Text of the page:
High Holidays in Israel - a Local's Perspective
What's it like to celebrate the high holidays in Israel
There’s nothing quite like the high holidays in Israel. From the first night of Rosh Hashana to the end of Sukkot, the atmosphere all across the country simply feels different. In the weeks leading up to Rosh Hashana, everyone parts ways with a friendly “Shana Tova!” (Happy New Year) which, even though I’ve been living in Israel for over ten years, never gets old. Apples and honey are on sale everywhere and companies all across the country have a haramat cosit (literally raising a glass or a toast) to welcome the New Year and hand out gifts to all of their employees. Who doesn’t like getting gifts?
The hot Israeli summer is slowly winding down and the locals are welcoming the brief but refreshing fall season. Days are getting shorter, sleeves are getting longer, blankets are getting thicker and you can truly feel the transition into the new year all around you.
Birthright Israel groups are no longer in the country, though the few participants that extended their trips this long may still be wandering the Tel Aviv streets. The lucky few that are still around will get to see the entire country shut down on Yom Kippur and experience this Day of Atonement like never before. It can be an incredibly spiritual day, and with synagogues on pretty much every corner, there’s no shortage of places to pray, atone for one’s sins, and take in the feeling of community. It can also be a very freeing day. No stores, no TV or radio stations, and no restaurants or cafes are open. There are no cars on the streets except for the occasional ambulance or police patrol car. Kids and adults alike take to the streets with their bikes and ride carefree throughout the cities around the country. One of the most popular and challenging routes done on this day is riding on the usually extremely busy Road 1 from Tel Aviv to Jerusalem. A favorite spot for selfies is on the completely empty Ayalon Highway which is usually filled with bumper to bumper traffic.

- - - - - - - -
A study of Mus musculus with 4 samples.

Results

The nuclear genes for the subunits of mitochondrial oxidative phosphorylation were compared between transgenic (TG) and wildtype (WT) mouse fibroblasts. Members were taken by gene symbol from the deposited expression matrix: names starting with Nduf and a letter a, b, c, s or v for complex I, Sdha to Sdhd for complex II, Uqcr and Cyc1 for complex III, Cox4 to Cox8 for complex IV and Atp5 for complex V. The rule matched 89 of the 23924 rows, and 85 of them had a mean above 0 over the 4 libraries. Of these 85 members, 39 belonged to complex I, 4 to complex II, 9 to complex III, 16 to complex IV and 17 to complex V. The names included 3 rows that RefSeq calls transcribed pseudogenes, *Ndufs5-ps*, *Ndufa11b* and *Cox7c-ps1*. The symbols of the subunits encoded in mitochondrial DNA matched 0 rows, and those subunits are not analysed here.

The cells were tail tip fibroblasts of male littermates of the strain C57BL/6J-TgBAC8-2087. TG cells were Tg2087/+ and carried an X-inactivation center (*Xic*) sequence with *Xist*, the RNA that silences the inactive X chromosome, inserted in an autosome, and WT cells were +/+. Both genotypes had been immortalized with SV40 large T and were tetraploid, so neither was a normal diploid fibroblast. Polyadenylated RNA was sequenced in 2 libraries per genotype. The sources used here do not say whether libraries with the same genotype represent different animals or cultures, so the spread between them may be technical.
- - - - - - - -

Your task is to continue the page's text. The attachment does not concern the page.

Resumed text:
Finally, Sukkot is another holiday that is not to be missed in Israel. Not only do families, both religious and secular, build a sukkah in their yard or even in the small area in front of their apartment building, but also restaurants and coffee shops add one to their outdoor seating area. Since it’s considered a mitzvah to dwell inside of a sukkah during the holiday, there’s no shortage of sukkot (the plural of sukkah) to sit in and feast in. You see parents walking with their children to synagogue with their lulav and etrog in hand, and you just can’t help to get into the holiday spirit. This is also a time where there is no school, so the week of Sukkot, families are taking advantage of the holiday and hiking or having a picnic in one of Israel’s hundreds of national parks.
The high holidays are an incredibly unique time in Israel, and even if you can’t make it here this year, you should definitely try to experience it once in your lifetime.